Ally McCoist rolled over and answered. The Rangers manager needs an alarm call in the same way that his club seeks another tax bill. However, the voice on the other end of the line was a welcome interruption into a night, a day, a week of extraordinary anxiety for a manager facing threats to the very existence of his club in his first season in the post.
Walter Smith, on holiday in the USA, had called to have a natter. ''It was a four in the morning job and he woke me up, but given the way I have been feeling it could have been anytime,'' said McCoist. ''It wasn't the best time to get me.''
The details of the conversation will remain secret but the very fact of the phone call would be welcome to the manager, and to those who look on and wonder with some concern at the burden he is carrying.
McCoist has become the voice of Rangers. It is a job he never sought but it is one that has fallen to him. His credentials for the post are undeniable. He is intelligent, articulate and Rangers' supporter.
However, it is a role that makes demands beyond the capacity of one man. The boardroom is silent. The players, perhaps forgivably given they face redundancy, will not speak. McCoist was thus left on Saturday to sift through a dispiriting defeat with one section of the press before offering to answer fresh questions from the representatives of the Monday newspapers.
Standing in the tunnel at Ibrox, he spoke openly of what will be a difficult week in an awful period for the club. He is consoled by the closeness of friends. "Of course he has been in touch,'' he said of his conversations with Smith that started with the early call from America. "He is as disappointed as the next Rangers man. I make absolutely no apology for the fact that him and I will be having conversations. Not only was he part of my own career, he is also a great friend and knows this club better than anybody. It would be a nonsense and absolutely crazy for me not to talk with Walter Smith.''
The chats have been continuing on ''a regular basis''. They will not have been short on subject matter. McCoist, too, has been bolstered by other friendships. "I have had great support. I have a great family and very good friends. That is the support mechanism I have and it couldn't be better,'' he said. "I haven't had to turn to anybody. To be honest, the vast majority of my colleagues have turned to me, as I would have expected and hoped for.''
He needs succour as Saturday was another desperate day for the club. The frenzied support from the stands descended dreadfully into the worst of the Ibrox songbook. There was the expressed hate of ''F****n b******s'' and the description of Iain Brines, the referee, as the ''F****n in the black''. This was made even worse by the immediate realisation that this was not the product of a small minority in the crowd. This was loud and ugly.
Matters on the field were the focus of McCoist and he must have been dismayed at what he witnessed. There could be questions about refereeing decisions over a David Healy ''goal'' and a Lee McCulloch header that found the net after a corner. These should not disguise the paucity of Rangers' efforts on Saturday.
The sending-off of Sasa Papac almost epitomised the frustration of the hosts in trying to deal with a Kilmarnock side that appeared technically superior. As McCoist looked on to a pitch where he played with talents such as Paul Gascoigne and Brian Laudrup, he was forced to watch hapless Mervan Celik, whose first touch was so gauche that his second touch was the ball smacking his face.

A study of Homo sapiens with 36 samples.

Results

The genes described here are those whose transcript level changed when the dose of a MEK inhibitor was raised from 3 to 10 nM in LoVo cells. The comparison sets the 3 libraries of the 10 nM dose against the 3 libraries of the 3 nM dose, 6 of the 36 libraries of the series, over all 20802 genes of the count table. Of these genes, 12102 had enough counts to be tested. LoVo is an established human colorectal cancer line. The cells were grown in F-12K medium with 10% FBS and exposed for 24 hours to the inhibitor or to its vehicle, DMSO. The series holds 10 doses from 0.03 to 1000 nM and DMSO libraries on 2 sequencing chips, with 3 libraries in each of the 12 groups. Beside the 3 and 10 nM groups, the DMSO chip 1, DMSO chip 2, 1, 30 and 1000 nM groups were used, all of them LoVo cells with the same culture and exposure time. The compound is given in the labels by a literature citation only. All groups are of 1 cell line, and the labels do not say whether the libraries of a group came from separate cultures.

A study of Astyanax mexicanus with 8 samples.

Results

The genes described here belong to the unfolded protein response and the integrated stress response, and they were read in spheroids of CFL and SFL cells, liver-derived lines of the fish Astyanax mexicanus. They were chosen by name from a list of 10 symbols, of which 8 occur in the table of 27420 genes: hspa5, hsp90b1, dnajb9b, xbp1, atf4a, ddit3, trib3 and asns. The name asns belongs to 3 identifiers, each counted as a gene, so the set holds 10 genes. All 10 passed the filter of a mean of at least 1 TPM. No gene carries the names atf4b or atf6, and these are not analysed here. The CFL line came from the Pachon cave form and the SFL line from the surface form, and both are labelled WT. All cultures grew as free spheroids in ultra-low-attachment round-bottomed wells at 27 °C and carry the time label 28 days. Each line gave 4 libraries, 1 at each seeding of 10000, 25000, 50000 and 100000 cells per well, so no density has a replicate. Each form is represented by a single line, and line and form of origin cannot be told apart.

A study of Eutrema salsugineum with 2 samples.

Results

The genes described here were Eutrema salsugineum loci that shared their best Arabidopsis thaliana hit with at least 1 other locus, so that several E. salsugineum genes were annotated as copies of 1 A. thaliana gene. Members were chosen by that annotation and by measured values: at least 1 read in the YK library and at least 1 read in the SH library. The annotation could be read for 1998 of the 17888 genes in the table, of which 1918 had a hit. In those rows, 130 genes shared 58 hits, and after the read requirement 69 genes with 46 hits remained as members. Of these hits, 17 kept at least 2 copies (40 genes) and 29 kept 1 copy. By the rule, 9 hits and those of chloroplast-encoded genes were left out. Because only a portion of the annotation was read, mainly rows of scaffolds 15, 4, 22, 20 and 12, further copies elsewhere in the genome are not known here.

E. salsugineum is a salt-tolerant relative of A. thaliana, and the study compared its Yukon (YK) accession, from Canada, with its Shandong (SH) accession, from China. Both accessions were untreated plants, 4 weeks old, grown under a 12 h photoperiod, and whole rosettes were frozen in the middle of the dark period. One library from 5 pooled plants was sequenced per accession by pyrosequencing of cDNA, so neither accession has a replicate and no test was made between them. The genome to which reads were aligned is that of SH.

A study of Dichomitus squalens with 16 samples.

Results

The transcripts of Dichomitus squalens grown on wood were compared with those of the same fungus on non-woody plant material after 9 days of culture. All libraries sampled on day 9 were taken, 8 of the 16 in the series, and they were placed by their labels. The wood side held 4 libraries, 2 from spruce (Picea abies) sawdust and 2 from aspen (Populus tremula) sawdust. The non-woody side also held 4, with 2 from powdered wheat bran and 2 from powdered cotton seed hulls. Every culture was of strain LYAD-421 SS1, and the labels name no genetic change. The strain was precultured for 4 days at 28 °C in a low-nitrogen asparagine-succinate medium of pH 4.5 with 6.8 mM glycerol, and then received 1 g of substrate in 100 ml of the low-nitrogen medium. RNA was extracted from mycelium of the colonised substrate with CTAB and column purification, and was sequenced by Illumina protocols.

More worryingly, this was a side that seemed to lack spirit. There was energy, certainly, but where was the bite, the snarl and the sheer grit to push the side back into the game? It is unrealistic to expect Rangers to have a Laudrup or a Gascoigne but where were the John Browns or the Alex Raes who could galvanise the team and enthuse the support?
There were pass marks for a few Rangers players but most fell short of what should be expected at Ibrox. There is a mood to forgive the players, given the strains of administration, but this was a performance that was recognisable to anyone who has watched the side regularly over the past few months.
The absence of Steven Naismith, through injury, and Nikica Jelavic, now at Everton, has left Rangers threadbare in attack. The midfield lacks purpose or drive, with Maurice Edu only occasionally inserting himself into play and Steven Davis enduring a wretched period of form. There is no pace or penetration out wide, with Sone Aluko's brightness being a flickering presence rather than a telling one.
In defence, Allan McGregor is blameless while the full-backs are journeymen. McCoist has always taken consolation in his central defence of Dorin Goian and Carlos Bocanegra. However, both were disturbed by the movement of Paul Heffernan and the promptings of the excellent Dean Shiels. Kilmarnock regularly threatened Rangers with only the lack of a final, killer touch preventing them from increasing their lead after Shiels scored with a casual brilliance after 12 minutes.
Goian was removed on 21 minutes almost as an act of mercy. The Romanian was confounded by the runs of Heffernan and once even muscled off the ball by the slight Irishman. McCoist said later he took off his central defender as the player had been suffering from the after effects of illness.
"The situation with Goian was that he's had a fever and has basically been in his bed for three days,'' said McCoist. "I chatted with him this morning and he was very keen to play which, as you can imagine, is highly commendable. But he was obviously not anywhere near fit enough and I fully accept the responsibility of starting him and taking him off."
McCoist is ''fully accepting the responsibility'' of everything at the moment. It is the mark of the man. It must not be the unmaking of him, too.